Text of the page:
Flashes and Floaters

One of the most common symptoms that we hear about in our clinic are flashes and floaters.

Patients often describe floaters as a sudden onset of tiny dots, a new greyish glob, or a cloudlike film that floats back and forth in their field of vision.  Floaters are most noticeable bright settings and especially against a bright background.

Flashes are usually seen in a dim or dark setting and are described as a brief arc of light in the peripheral vision lasting less than a second.  Flashes tend to occur after a turn of the head or eyes.

What’s going on?  Let’s start by reviewing the pertinent anatomy of the eye.

The vitreous humor (or vitreous for short) is a clear, gel-like sac of material that normally fills 80% of the eye.  It’s made up of 99% clear liquid and 1% of various proteins and hyaluronic acids.

Imagine the vitreous as a water balloon that is lightly attached to all internal parts of the eye that it touches.  However, it is very firmly attached to the retina around the midline of the eye as diagramed below in red.

In a young and healthy eye, the vitreous is usually very clear.  As we get older, the protein and hyaluronic acids in the middle of the vitreous cavity tend to clump together and form strands.  This process is called vitreous syneresis.  The resulting strands are seen as fine semi-translucent strings and globs in your field of vision that builds up slowly over time.

At some point in our lives, this water balloon-like structure that is the vitreous sac collapses.  The wall of the vitreous sac quickly peels away from the back of the eye and the resulting deflated vitreous sac clumps up.  This process is called a posterior vitreous detachment or PVD.

As the vitreous peels away from the back of the eye, it can tug on surface blood vessels of the retina, leading to bleeding into the vitreous cavity (called vitreous hemorrhage).

The clumping of vitreous is seen as new onset of strands, clumps or cloudlike veils that move with eye movement. Vitreous hemorrhage is often seen as hundreds of tiny dots in the field of vision.

What causes the arc of light flash?  Flashes are caused whenever there is tugging on the retina.  The retina is the structure that lines the back of the eye.  It captures the images that you’re looking at and sends this information to the brain.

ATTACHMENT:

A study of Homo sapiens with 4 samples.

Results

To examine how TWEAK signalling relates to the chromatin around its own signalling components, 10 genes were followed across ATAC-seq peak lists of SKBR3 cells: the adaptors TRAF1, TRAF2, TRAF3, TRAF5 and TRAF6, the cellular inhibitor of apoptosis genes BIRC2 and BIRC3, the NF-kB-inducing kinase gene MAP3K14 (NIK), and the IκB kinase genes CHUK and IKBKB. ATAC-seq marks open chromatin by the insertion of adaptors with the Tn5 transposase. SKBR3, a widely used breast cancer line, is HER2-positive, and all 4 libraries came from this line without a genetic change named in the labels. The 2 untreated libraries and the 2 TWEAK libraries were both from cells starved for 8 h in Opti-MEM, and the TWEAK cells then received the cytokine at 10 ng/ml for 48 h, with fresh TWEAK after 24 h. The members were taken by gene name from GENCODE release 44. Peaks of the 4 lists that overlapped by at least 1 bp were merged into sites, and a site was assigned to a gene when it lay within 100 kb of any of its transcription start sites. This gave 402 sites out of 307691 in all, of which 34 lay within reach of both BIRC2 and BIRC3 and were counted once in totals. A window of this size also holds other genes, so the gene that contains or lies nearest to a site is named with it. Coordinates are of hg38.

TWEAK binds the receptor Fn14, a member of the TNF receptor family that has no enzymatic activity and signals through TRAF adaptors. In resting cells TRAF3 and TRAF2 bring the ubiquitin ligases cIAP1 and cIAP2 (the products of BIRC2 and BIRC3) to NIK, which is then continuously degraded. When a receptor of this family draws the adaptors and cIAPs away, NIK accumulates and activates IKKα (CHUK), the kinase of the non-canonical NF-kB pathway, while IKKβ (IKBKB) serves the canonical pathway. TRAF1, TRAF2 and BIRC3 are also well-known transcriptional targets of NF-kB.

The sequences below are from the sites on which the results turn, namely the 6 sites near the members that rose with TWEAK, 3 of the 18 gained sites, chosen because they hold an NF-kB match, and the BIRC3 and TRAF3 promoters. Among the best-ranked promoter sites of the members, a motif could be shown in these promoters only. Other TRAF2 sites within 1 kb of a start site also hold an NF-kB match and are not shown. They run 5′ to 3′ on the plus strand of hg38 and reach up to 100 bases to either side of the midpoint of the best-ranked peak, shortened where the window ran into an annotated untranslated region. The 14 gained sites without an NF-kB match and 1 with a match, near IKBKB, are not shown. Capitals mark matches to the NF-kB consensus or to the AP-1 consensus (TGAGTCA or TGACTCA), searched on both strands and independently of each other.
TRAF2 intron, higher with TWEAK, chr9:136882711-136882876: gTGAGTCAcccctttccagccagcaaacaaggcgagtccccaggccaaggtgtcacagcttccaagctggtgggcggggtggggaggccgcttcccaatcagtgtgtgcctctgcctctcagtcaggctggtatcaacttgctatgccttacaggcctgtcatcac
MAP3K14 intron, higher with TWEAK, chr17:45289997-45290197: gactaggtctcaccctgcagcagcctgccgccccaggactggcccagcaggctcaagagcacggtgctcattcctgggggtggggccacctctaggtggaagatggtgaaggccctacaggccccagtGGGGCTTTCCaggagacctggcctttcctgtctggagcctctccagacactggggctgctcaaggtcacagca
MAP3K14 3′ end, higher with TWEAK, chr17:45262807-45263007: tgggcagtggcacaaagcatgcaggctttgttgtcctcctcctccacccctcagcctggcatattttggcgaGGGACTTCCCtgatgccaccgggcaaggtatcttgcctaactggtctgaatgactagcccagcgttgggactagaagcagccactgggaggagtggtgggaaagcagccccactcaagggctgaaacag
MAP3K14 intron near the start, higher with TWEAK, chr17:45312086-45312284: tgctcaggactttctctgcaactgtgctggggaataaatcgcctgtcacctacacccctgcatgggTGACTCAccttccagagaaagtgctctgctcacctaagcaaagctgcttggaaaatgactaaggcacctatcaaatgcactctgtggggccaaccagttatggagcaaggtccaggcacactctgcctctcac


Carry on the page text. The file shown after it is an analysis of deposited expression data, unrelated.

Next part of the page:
During the process of a PVD, the vitreous rapidly peels away from the retina.  This bit of tugging can cause the sensation of a light flash.   But why do some people continue to see light flashes?  Remember that the vitreous is very adherent to the retina at the midline of the eye.


In fact, it really cannot let go of the retina beyond this point.  During the process of a  PVD, the vitreous is freed from the back part of the eye, but firmly adherent to the retina in the middle of the eye.  This is why it’s term ‘posterior’ vitreous detachment.

When the eye moves, the free part of the vitreous moves, tugging on the part of the vitreous that is still attached to the retina.  This tugging is what give the symptoms of a light arc.  This process can persist for several weeks or months after the initial onset of a PVD but tends to diminish after about 2 weeks.  Because the vitreous is always adherent to the retina at the midline, it’s not unusual to get an occasional arc of light after rapid eye or head movement even months after the initial onset of a PVD.

In some patients, the vitreous tug can cause the retina to tear where the vitreous is tightly adherent.  If not treated in a timely fashion, a retinal tear can lead to a retinal detachment.


What should you do if you develop new symptoms of flashes and floater?  We recommend that you stop any strenuous physical activities as soon as possible. Then call a retina specialist in your area for an eye exam within 1-3 days to make sure you did not develop a retinal tear or detachment.